First Look: The WunderBus Food Truck

Credit Little Rock’s food trucks for contributing quite a lot to the city’s culinary scene. Whether it’s the unique trucks themselves, like Waffle Wagon or Southern Salt Food Co., or those that have gone on to create permanent restaurants, like The Southern Gourmasian and The Pizzeria at Terry’s Finer Foods, Little Rock’s food trucks have brought unique food and a necessarily casual vibe that fits the city well. So while you might not always think about a food truck for your lunch break, perhaps it’s time you should start. And perhaps you should start with Little Rock’s newest truck, The WunderBus, which I think already is one of the finest food trucks you can find in Central Arkansas.

The WunderBus is the creation of Jacqueline Forester, a former employee of the now-shuttered Natchez Restaurant. Forester has taken that experience and used it to fuel a new German street food concept. The WunderBus is most like The Pantry in that regard, though one bite shows that Forester is more strictly focused on German cuisine than The Pantry’s more widespread influence. That is to say, bratwursts and pork shoulder carry the day here.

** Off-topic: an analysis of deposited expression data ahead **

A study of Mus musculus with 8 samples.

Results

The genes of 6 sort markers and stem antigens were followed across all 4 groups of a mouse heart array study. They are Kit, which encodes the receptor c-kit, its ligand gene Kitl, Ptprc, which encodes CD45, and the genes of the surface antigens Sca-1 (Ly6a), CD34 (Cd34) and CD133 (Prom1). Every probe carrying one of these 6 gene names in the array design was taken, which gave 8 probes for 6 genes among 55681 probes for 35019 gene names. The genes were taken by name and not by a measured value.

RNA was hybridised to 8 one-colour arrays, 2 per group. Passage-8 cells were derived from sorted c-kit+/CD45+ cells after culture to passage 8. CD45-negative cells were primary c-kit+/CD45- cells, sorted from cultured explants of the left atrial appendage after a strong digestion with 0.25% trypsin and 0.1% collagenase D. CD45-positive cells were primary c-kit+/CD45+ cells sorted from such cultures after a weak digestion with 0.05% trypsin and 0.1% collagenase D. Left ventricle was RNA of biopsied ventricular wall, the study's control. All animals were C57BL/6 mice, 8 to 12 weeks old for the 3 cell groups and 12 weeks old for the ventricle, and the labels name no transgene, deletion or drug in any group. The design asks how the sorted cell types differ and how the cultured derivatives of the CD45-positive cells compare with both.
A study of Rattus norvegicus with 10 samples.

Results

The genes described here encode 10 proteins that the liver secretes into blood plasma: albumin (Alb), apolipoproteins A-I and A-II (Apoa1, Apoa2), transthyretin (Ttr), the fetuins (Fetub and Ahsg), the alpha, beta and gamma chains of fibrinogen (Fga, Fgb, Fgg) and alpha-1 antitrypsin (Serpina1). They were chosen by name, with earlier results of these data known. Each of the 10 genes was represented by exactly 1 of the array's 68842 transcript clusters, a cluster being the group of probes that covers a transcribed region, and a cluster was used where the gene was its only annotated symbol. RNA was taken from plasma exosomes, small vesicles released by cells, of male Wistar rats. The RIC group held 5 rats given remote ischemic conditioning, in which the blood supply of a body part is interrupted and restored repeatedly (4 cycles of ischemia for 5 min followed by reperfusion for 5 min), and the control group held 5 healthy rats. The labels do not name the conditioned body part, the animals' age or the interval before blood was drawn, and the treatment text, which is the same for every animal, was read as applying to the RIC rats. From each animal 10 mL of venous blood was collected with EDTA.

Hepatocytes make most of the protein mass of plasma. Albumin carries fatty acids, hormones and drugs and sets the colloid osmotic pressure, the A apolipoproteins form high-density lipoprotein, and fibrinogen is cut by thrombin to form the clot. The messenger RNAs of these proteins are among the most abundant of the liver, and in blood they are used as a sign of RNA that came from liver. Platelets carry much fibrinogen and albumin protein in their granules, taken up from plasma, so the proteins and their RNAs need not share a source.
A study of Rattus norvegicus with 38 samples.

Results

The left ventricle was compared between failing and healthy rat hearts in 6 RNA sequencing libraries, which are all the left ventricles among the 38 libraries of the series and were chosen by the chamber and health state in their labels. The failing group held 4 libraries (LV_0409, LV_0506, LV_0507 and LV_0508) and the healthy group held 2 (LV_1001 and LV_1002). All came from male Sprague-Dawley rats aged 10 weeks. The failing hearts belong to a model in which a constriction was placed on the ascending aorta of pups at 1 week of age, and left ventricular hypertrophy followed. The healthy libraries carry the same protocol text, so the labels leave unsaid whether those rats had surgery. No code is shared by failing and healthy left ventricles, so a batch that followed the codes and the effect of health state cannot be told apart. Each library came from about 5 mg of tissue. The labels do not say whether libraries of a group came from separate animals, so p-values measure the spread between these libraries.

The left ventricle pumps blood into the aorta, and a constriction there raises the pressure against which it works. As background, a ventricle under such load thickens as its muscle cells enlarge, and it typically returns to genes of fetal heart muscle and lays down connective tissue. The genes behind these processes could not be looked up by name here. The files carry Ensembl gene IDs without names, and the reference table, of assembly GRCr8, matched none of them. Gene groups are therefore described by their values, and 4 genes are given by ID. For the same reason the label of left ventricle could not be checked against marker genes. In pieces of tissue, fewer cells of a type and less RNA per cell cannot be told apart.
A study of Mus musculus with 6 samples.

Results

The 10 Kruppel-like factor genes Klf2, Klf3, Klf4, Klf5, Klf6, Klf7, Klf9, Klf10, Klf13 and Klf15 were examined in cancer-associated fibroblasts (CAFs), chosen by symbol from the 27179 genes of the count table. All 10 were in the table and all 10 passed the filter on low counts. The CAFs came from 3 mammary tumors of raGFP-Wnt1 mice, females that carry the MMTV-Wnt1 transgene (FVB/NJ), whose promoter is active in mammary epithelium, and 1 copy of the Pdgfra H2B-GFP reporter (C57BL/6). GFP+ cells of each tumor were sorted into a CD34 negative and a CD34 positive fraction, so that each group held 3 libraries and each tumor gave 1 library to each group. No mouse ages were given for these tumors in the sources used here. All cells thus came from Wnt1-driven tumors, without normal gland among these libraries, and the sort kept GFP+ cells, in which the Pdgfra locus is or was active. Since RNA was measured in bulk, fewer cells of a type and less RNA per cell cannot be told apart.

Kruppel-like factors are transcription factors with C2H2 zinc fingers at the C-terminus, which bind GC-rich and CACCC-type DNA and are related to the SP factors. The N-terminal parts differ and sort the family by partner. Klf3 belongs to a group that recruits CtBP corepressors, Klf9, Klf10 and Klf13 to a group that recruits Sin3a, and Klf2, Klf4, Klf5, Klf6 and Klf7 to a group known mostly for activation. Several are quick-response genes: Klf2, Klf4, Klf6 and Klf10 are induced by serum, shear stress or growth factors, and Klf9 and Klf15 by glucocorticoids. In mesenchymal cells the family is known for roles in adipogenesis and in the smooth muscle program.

There are hints of The WunderBus’s quality before you ever place your order. Forester has adopted Natchez’s passion for local food, sourcing her pork from the well-known Falling Sky Farm and making her sausage by hand in the truck. Forester is also working with local produce growers to keep fresh greens, potatoes and other vegetables a staple on her menu.


I also sampled the Smith of Kochel, a plate of braised pork shoulder topped with caramelized onions and apples. This is the plate that will take you directly back to Natchez. The shoulder is cooked as nicely as you could ask, and the combination of sweet pork and the natural sugars found in the caramelized produce is a match your taste buds won’t soon forget. It’s outstanding, a plate that would be right at home in an upscale restaurant. Enjoying it as street fare was a real treat.

As most food trucks do, The WunderBus updates its location regularly on Facebook. So far, Forester and her crew have hit The Food Truck Court @ Station 801 and Flyway Brewing, as well as stops in Conway. Food this good is worth seeking out, and I encourage you to pay a visit on your next lunch break.